Colour and Comfort Zones by Emma Friedlander-Collins
I don’t now about you, but I’ve definitely hit that time of the year where the energy behind my good intentions, is waning. Not through a lack of will, but because I’ve done the easy bits. I’ve tackled some challenges, and now what I’ve got left are the hard bits, and I’m one of those people that if it looks difficult, or if I don’t get it first time round, then I don’t want to do it.
I started teaching my bigger boy how to tie his shoelaces. He is just like me, if he finds it hard at first then all he wants to do is give up. So we’re currently cajoling, encouraging, pleading, bribing and begging him to not give up, as he will get there eventually. It has really made me realise, that if I want to grow and learn and keep moving forward then I have to find ways to tackle those challenges that are outside of my comfort zone. Not just in life, but in my crafty world too!
Which is why I want to talk to you about tapestry crochet. I KNOW it looks tricky, I know that it can be tangly and awkward, but it’s actually an incredibly simple technique to learn, and can take you to places that you didn’t know crochet could go. All you need is a bit of practice, a bit of encouragement and cajoling and then you’ll have mastered a brilliant and deeply rewarding crochet technique.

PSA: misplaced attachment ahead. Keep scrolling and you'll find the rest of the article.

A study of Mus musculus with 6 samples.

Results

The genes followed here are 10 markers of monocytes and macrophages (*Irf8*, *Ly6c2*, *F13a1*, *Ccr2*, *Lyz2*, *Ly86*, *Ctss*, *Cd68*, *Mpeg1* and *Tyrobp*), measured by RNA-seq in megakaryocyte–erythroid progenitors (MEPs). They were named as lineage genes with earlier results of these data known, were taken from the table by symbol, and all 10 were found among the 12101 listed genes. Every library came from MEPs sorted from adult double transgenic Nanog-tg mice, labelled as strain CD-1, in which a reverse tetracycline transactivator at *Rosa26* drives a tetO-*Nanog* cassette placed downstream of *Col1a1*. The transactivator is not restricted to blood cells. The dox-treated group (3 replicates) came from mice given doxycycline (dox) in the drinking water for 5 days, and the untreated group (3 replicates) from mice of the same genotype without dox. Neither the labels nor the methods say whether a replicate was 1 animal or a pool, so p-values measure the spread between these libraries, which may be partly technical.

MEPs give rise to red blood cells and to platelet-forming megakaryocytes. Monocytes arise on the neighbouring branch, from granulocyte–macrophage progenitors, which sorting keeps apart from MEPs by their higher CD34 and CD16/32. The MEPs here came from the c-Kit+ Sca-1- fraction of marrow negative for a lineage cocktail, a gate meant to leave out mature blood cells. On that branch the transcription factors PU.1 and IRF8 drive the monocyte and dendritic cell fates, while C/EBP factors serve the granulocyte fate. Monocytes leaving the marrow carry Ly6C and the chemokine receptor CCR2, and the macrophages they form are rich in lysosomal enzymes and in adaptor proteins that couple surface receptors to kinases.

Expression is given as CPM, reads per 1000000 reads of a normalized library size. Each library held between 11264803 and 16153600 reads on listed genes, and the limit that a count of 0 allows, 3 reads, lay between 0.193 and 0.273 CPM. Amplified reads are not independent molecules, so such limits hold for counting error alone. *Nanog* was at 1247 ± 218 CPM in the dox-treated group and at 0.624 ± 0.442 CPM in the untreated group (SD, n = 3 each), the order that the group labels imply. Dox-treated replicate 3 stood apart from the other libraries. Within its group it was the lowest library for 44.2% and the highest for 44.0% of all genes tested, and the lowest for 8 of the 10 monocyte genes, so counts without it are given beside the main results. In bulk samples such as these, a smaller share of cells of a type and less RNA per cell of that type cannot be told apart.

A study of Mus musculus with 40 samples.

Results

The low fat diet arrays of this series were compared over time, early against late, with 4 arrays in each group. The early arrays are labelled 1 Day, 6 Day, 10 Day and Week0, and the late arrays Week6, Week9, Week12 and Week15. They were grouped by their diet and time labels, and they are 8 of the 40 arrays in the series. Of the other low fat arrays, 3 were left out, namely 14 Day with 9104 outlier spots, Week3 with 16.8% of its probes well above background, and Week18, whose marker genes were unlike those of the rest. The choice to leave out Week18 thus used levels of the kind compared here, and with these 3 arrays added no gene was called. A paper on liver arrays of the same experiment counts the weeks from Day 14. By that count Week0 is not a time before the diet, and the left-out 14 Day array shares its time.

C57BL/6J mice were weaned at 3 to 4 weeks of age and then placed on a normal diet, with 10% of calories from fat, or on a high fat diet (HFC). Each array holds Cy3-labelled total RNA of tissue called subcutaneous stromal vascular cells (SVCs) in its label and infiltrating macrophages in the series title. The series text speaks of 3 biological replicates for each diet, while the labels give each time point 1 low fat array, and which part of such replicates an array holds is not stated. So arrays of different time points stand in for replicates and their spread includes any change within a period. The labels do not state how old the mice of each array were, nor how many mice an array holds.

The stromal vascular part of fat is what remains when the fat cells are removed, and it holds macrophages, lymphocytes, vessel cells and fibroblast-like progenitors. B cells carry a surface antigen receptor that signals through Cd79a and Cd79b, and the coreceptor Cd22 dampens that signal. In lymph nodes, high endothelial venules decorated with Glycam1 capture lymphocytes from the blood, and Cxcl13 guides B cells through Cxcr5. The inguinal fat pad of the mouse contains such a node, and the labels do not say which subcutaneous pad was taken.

Here’s a quick, photo tutorial to show you how easy it is:
Step 1 – When using a double crochet stitch, to change colour, work the last yarn over of the stitch in the new colour.
Step 2 – Continue working your next stitch in the new colour.
Step 3 – Complete the stitch, ta da! And when you want to change back?
Step 4 – Exactly as before, work the last yarn over of the stitch in the new colour.
Step 5 – That’s it!
This cushion is a design I made for my sister, it is the most complicated piece of tapestry crochet that I’ve ever done, but I properly loved how it came out. It’s using one of my favourite, go to, colour palettes and is made in Paintbox DK Cotton.
When working with this many colours, you need to carry the ones you’re not using at the back of your work, and then work over the odd one every few stitches, to keep them from getting out of hand. Now I’m not suggesting you start with anything this complicated, but I am encouraging and cajoling you to give it a go, there’s never any harm in trying something new, and who knows, you might just like it.
Fancy whipping up a couple letters? Hop over to Mrs. Steel’s School Of Stitchcraft & Scissory for the full collection of templates!